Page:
Don't be a "fit and forgetter" if you want to really grow your business 

Fitting and forgetting risks depriving your business of its lifeblood. By keeping in contact with existing customers you can provide yourself with a ready and reliable revenue stream. And it shouldn’t require any extra work from you. With the right system in place - and a good attitude when it comes to logging all the details of previous jobs - reminders can be sent out automatically to customers via email and print for the elderly, who may not be so digitally minded. 

Customer problems can become benefits – if you fix them quickly

Not all heroes wear capes. But, you could be hailed as one for riding to the rescue of a household whose boiler has packed as Peter Bryer of PJ Bryer Heating And Plumbing can confirm. “I went out to fix one customer’s boiler at eleven o’clock one Christmas Eve night twenty years ago,” he recalls. “They’ve not forgotten - and since then we’ve had tens of thousands of pounds of work through them.” At the same time, rectifying mistakes quickly can have a similar effect on how a customer perceives you.

Boiler servicing – don’t look this gift horse in the mouth 

Some installers can be sniffy about servicing boilers. But that’s not the case for LW Haddow. Crowned The Best Heating Company at The Scottish Home Improvement Awards four times in the past five years, they happily undertake the routine maintenance others avoid. 

“Servicing boilers is a massive part of our business,” founder Mark Haddow asserts. “We’re the biggest service provider in our area. In the early days it helped us make a name for ourselves and it remains a really important part of our offering”.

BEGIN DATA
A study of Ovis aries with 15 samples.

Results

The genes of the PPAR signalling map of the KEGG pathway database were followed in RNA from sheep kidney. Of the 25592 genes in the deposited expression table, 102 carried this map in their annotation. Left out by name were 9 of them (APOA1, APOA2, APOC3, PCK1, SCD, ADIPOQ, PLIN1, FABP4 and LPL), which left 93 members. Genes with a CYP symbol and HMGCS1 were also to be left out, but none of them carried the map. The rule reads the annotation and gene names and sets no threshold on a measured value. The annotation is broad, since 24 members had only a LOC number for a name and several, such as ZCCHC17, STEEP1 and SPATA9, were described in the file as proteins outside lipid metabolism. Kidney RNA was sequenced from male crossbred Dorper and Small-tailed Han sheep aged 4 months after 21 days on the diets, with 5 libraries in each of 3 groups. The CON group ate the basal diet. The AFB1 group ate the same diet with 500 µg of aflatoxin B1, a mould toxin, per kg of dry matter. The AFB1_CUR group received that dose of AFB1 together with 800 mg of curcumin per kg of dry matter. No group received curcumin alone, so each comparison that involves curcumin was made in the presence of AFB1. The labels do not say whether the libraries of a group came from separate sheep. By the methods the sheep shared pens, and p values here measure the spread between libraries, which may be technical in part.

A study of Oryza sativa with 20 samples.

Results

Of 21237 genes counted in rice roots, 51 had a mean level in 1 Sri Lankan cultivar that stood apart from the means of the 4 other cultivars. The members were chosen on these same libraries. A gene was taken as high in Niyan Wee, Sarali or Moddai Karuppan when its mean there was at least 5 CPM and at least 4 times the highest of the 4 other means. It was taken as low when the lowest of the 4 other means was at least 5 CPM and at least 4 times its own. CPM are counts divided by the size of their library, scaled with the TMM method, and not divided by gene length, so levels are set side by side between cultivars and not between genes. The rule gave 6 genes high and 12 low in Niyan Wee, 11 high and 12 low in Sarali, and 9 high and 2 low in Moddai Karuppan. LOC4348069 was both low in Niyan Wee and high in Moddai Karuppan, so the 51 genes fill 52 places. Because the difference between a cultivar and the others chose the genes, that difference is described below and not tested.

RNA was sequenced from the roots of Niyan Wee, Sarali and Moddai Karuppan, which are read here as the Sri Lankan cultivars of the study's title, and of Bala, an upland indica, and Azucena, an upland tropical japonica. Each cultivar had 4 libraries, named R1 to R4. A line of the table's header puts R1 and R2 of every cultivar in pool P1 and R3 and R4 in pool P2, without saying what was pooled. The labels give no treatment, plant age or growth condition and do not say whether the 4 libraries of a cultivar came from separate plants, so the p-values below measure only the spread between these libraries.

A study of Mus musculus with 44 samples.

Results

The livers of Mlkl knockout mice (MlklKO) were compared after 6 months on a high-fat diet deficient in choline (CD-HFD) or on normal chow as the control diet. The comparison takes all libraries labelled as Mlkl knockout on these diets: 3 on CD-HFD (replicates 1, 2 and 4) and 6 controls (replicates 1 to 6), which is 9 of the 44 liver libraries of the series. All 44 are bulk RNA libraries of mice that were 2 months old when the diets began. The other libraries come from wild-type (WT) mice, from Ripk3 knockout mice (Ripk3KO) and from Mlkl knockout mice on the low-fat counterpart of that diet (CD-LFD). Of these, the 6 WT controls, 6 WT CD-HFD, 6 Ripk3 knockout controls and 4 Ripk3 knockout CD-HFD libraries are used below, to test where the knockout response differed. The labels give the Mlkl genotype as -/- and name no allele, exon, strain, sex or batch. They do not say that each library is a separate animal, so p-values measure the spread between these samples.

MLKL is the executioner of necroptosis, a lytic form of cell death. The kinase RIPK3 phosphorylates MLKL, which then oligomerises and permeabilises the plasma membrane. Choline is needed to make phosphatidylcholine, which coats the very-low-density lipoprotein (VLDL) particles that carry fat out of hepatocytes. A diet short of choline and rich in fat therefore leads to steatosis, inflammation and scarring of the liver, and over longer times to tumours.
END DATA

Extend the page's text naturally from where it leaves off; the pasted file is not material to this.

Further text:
You're the expert - don't be afraid to give advice 

Your experience and expertise is invaluable to your customer. Talk to them - it’s the only way to understand their requirements. It also allows you to reassure customers that you are following all the current guidelines in relation to the coronavirus outbreak. Peter Bryer agrees, saying: “It’s essential to visit a customer in person. They might have a quote saying they require a flue through a wall - but if it’s too near a neighbouring property then they will need a vertical flue. You can only provide this kind of insight in person.” 

This year a boiler – next year a bathroom? 

Establishing the right impression with customers can really pay dividends. If they associate your work with quality then the likelihood of them contacting you to see if you can help elsewhere in the house is hugely increased. Mark explains: “Building a rapport with customers is vital. We focus a lot on that and ensure we leave a client’s home how we found it. It’s touches like that that can really distinguish you from the competition. You could do the best job in the world, but if you leave a mess behind that’s all they’ll remember you for.” 

Your customers are a resource that you need to care for. Treat them well and they will return. Ignore them and you can be guaranteed they will look elsewhere the next time they need any work undertaking.